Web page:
Monday , April 22 2024
The age of the Internet has created new ways to be a humanitarian hero every day. FreeRice is one.

FreeRice and the Korean War

The Korean War started this week during 1950. The brutal conflict claimed hundreds of thousands of lives, and would have taken even more had it not been for humanitarian heroes.

Civilians seen fleeing in the fields during a retreat of UN forces during the Korean War. (Harry St. Truman Library)

The United Nations Civil Assistance Team helped the hungry and sick during the conflict. Koreans lost their homes, food supply, and practically everything. They were totally dependent on this humanitarian aid.

One of the members of the UN team was Major Charles Arnold, a U.S. Army veteran from Cincinnati. His team worked on a island that was now home to thousands of war refugees from both North and South Korea.

The feeding stations Arnold’s team set up were life-savers to children suffering from hunger. The UN provided free meals to children of rice and milk.

The Cincinnati Enquirer reported, “After only a few weeks of this milk-and-rice diet you could actually see the children’s cheeks fill out and a healthy sparkle come to their eyes.”

Today, people at home on their computers can do the same thing Major Arnold’s team did and provide free rice. You go online to and play this game that benefits the UN World Food Programme (WFP), the largest food aid organization.

At you answer trivia questions on numerous subjects. Each answer you get right means 10 grains of rice donated to WFP, paid for by advertisers. WFP is currently using the rice for school feeding programs in drought-stricken Niger. The UN food agency depends entirely on donations from governments, the public, and fundraisers like FreeRice.

The fight against hunger during the Korean War and its aftermath featured international cooperation among world governments. It meant emergency life-saving food aid, but then, even after the fighting had stopped, aid was given to rebuild.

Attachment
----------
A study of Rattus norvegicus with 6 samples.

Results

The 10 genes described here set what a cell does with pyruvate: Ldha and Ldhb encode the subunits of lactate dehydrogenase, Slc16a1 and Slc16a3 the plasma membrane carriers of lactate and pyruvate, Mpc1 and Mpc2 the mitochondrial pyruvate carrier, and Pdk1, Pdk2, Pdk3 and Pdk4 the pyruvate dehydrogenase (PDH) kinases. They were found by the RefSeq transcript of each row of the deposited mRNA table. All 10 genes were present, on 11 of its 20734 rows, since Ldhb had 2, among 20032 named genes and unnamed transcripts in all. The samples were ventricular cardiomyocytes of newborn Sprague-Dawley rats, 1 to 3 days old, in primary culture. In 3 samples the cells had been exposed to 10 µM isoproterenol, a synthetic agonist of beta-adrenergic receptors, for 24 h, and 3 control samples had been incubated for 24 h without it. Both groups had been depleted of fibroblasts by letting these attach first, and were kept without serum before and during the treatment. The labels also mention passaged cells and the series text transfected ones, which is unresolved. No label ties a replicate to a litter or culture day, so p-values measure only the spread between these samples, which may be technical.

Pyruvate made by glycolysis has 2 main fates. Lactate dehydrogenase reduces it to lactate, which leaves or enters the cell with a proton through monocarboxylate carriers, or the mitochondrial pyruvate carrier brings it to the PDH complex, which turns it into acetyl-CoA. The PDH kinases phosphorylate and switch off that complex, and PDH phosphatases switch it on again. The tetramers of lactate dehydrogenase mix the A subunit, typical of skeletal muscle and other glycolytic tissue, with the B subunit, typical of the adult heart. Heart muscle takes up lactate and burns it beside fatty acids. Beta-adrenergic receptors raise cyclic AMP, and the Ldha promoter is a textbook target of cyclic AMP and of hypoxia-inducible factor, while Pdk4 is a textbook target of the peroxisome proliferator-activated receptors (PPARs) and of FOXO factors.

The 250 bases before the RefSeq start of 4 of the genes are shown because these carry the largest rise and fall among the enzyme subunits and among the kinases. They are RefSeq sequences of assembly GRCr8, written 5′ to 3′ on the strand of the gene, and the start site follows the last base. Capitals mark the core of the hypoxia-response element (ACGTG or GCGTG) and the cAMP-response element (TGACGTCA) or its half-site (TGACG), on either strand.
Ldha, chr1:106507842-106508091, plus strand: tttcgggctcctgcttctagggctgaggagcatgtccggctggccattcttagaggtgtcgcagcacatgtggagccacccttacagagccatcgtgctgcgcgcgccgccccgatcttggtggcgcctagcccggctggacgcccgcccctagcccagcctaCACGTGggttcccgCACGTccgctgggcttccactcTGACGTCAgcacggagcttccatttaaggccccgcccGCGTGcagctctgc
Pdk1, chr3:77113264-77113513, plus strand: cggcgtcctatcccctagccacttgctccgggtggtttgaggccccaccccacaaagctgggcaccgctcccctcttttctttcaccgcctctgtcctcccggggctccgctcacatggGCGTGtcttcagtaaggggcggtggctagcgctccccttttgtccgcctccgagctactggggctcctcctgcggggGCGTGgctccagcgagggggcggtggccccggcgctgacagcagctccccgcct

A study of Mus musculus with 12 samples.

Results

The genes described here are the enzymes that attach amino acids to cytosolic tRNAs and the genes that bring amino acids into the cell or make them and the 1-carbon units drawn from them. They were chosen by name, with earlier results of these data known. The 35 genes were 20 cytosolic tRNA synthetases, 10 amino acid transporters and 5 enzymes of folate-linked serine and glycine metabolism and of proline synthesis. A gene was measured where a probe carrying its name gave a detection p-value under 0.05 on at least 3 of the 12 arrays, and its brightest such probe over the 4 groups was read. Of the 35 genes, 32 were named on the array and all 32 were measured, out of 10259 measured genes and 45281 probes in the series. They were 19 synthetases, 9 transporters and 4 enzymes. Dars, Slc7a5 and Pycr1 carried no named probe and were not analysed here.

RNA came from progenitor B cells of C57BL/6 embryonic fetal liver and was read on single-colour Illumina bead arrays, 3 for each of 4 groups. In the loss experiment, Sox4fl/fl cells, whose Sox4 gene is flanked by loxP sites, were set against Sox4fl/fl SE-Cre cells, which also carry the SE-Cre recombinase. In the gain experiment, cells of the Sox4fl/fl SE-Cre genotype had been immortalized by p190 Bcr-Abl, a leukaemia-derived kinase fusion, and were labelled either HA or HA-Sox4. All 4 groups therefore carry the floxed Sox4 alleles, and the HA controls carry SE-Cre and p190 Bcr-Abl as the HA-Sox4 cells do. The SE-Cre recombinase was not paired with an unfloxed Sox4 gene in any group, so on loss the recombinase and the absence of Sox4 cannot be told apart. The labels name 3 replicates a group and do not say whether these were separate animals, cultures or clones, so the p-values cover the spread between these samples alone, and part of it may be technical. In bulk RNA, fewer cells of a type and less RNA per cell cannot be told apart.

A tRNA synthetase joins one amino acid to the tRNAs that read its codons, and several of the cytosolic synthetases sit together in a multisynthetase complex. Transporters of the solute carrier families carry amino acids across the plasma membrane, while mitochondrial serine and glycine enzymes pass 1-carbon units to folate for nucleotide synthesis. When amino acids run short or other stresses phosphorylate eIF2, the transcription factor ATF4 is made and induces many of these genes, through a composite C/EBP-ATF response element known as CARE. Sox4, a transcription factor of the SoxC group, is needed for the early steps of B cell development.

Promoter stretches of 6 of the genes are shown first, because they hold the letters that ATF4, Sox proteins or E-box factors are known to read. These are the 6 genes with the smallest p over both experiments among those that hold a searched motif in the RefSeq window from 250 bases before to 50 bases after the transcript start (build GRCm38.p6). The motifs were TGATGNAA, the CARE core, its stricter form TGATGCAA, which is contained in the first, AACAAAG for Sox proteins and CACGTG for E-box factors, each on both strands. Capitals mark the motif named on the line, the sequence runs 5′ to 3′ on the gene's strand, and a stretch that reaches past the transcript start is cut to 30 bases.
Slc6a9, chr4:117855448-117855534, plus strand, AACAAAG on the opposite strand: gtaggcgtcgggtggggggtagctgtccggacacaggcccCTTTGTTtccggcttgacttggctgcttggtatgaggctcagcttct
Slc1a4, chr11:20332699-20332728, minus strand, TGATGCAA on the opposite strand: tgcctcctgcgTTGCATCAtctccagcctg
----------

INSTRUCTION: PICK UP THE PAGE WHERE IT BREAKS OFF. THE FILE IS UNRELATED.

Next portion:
Citizens also came through by buying CARE packages. The soldiers themselves purchased supplies for the refugees. The New York Times reported how the Minneapolis Police and Fire departments sent powdered milk to one of the UN Civil Assistance teams. The commander, Colonel Harry Mayfield, remarked that if only they could get 400 organizations like that sending supplies they could take care of this crisis as a whole.

That is in essence what it takes, many contributors to fight hunger. The age of the Internet has created new ways to be a humanitarian hero every day. FreeRice is one of those.

About William Lambers

William Lambers is the author of several books including Ending World Hunger: School Lunches for Kids Around the World. This book features over 50 interviews with officials from the UN World Food Programme and other charities discussing school feeding programs that fight child hunger. He is also the author of Nuclear Weapons, The Road to Peace: From the Disarming of the Great Lakes to the Nuclear Test Ban Treaty, Open Skies for Peace, The Spirit of the Marshall Plan: Taking Action Against World Hunger, School Lunches for Kids Around the World, The Roadmap to End Global Hunger, From War to Peace and the Battle of Britain. He is also a writer for the History News Service. His articles have been published by newspapers including the Cincinnati Enquirer, Des Moines Register, the New York Times, San Francisco Chronicle, Buffalo News, San Diego Union Tribune, the Providence Journal, Free Lance-Star (VA), the Bakersfield Californian, the Washington Post, Miami Herald (FL), Chicago Sun-Times, the Patriot Ledger (MA), Charleston Sunday Gazette Mail (WV), the Cincinnati Post, Salt Lake Tribune (UT), North Adams Transcript (MA), Wichita Eagle (KS), Monterey Herald (CA), Athens Banner-Herald (GA) and the Duluth News Journal. His articles also appear on History News Network (HNN) and Think Africa Press. Mr. Lambers is a graduate of the College of Mount St. Joseph in Ohio with degrees in Liberal Arts (BA) and Organizational Leadership (MS). He is also a member of the Feeding America Blogger Council.